H.D. Craig continues mastery at speedway
In a night full of special features at the Hayden Speedway, it still came down to the regulars in the IMCA Modified class for the most excitement in Saturday’s Super Street Sprint.
The Modifieds started the main event with 12 cars, the most in a race all summer. Five yellows and seven lead changes later, H.D. Craig came away with his fifth main event win out of seven races this summer.
“It takes some patience and careful driving in a race like that,” he said. “Too many guys try to win it in the first two laps. The lap that matters is the last one.”
The thunder from 12 IMCA engines filled the night at the start at the race but after each yellow flag the field was reduced by at least one car. With three laps to go, the final yellow came out and seven cars remained at the restart.
Craig took over the lead with four to go and controlled the race after the final restart. He quietly moved up the pack after every restart and after a four-lap chase of Josh Nye, took the lead for the first time on lap 16.
Nye’s No. 00 and Rick Spangler’s No.18 came in with a photo finish for second and third. Initially Spangler was awarded second but after race officials reviewed a video, Spangler and Phil Goodwin were switched in the results. The ruling was that Goodwin was incorrectly forced to go to the back of the pack after he and Spangler ran into each other.
While the modified main event involved the closest action, the Speedway has a new speed champion.
A group of cars in the Dwarf Class came to Hayden from Vernal, Utah Saturday. Not only were the tiny cars the brightest on the track, but they clocked times faster than the modified racers during the night. Monte Morris was the fastest of the fast, winning both the heat and main event races in his No. 81 car.
For the most part, the other classes had winners decided with more than five laps to go in the main event.
The biggest surprise of the night was Troy Goodson’s sudden departure from the Super Street race. Goodson, who has dominated the Supers for several years, was leading by half a lap when he hit a rail and immediately left the track. Troy Kurth of Glenwood Springs was the benefactor of Goodson’s misfortune.
“I guess (Goodson) tore the sidewall of a tire,” Kurth said. “I had some bad breaks with the pin falling out of my break pedal and I broke a shock but I guess I had a little good luck tonight.”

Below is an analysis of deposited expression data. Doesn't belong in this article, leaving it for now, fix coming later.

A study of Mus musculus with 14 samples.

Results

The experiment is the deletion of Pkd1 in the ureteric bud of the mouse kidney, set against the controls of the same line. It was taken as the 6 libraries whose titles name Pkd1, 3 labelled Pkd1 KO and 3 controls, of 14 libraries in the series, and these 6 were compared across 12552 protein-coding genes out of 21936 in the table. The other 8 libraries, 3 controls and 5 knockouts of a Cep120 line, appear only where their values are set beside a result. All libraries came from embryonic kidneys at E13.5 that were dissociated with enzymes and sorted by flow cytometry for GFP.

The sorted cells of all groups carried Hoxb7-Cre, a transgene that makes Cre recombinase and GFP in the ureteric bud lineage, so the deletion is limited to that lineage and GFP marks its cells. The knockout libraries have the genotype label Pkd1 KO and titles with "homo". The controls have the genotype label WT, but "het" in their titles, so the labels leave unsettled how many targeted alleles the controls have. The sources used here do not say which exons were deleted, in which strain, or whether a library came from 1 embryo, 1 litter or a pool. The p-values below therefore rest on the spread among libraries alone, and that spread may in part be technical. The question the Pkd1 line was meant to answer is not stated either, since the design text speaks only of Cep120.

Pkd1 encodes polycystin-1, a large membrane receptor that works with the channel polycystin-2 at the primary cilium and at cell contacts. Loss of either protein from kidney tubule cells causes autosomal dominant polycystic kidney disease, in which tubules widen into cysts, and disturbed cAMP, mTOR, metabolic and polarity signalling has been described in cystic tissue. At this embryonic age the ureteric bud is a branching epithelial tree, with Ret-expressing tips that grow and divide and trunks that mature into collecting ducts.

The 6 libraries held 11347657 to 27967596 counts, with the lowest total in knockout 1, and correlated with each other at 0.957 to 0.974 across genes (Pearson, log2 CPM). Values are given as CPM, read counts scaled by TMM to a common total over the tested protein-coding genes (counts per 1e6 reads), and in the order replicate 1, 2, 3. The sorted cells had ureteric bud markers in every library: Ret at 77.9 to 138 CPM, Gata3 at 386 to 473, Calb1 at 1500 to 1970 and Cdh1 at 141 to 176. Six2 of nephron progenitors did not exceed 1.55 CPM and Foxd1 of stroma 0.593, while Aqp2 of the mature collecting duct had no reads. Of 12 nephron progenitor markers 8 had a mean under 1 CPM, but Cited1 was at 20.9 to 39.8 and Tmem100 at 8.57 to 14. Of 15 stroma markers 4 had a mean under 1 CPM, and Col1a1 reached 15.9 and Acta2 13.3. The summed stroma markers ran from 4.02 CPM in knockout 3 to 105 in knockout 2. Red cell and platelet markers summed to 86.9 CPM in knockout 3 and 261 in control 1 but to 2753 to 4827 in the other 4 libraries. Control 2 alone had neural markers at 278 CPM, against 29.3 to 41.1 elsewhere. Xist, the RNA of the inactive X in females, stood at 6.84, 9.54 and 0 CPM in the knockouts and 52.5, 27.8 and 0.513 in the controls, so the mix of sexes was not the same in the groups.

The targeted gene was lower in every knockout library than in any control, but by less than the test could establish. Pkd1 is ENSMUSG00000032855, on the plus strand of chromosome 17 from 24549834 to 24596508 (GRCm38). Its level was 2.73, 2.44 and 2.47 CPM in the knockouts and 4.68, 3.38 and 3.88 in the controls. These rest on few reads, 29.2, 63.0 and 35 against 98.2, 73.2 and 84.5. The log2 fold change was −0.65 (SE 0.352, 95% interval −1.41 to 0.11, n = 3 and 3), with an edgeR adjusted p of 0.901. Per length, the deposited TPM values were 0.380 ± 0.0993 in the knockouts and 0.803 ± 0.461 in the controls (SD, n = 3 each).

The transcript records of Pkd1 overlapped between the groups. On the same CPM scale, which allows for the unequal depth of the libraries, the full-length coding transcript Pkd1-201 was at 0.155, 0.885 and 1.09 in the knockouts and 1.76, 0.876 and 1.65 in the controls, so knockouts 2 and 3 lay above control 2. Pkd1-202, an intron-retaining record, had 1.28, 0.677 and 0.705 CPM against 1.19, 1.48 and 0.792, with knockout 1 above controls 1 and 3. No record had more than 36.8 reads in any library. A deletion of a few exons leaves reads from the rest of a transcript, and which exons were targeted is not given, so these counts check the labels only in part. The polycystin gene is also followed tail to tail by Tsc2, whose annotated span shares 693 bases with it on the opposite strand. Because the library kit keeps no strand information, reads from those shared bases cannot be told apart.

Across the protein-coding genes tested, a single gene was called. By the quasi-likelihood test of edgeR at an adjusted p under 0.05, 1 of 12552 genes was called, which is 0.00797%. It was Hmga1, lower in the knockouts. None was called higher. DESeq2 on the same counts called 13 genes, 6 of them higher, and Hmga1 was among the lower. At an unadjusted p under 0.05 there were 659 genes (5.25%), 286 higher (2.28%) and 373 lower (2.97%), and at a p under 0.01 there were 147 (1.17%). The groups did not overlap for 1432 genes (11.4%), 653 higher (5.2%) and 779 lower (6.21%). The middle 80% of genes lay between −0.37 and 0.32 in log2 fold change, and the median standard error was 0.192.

In the Street Stocks, Samantha Johnston cruised the last six laps after a restart for the win, but it didn’t come easy. The nine-car main event made for some interesting moments when the lead pack of four cars started to lap the competition. The leaders were dodging in and out of the slower cars and Johnston, who led the whole race, was able to navigate the quickest.
In the Ultra Mini class Steve Bethka of Grand Junction had a large lead throughout the race but a restart with six laps left gave Ed Hatch a chance to challenge. Hatch came within half a car length twice but couldn’t catch Bethka.
“I love this track and it was worth the drive,” said Bethka, who normally races at the Olathe track. “We’re having so many problems with our track, it’s really, really nice to have a track like this to race on. I’ll have to tell some friends.”
Maybe some of his friends can come and give Matt Hoffman a challenge in the Mini Stock Class. Hoffman and his No. 13 continue to dominate the Mini stocks. Despite the best efforts of Steve Wilson and rookie driver Kim Owens, Hoffman swept the heat and main event again in the minis.
Before the main events, the Speedway hosted three cars in its first-ever demolition derby.
Opie Smith and his Lincoln Towncar survived a serious beating to the trunk to win the inaugural derby. The demolition derby went so well it will happen again in two weeks.
That will be when the Speedway opens its gates again for the Pro Stock Powerhouse Aug. 20.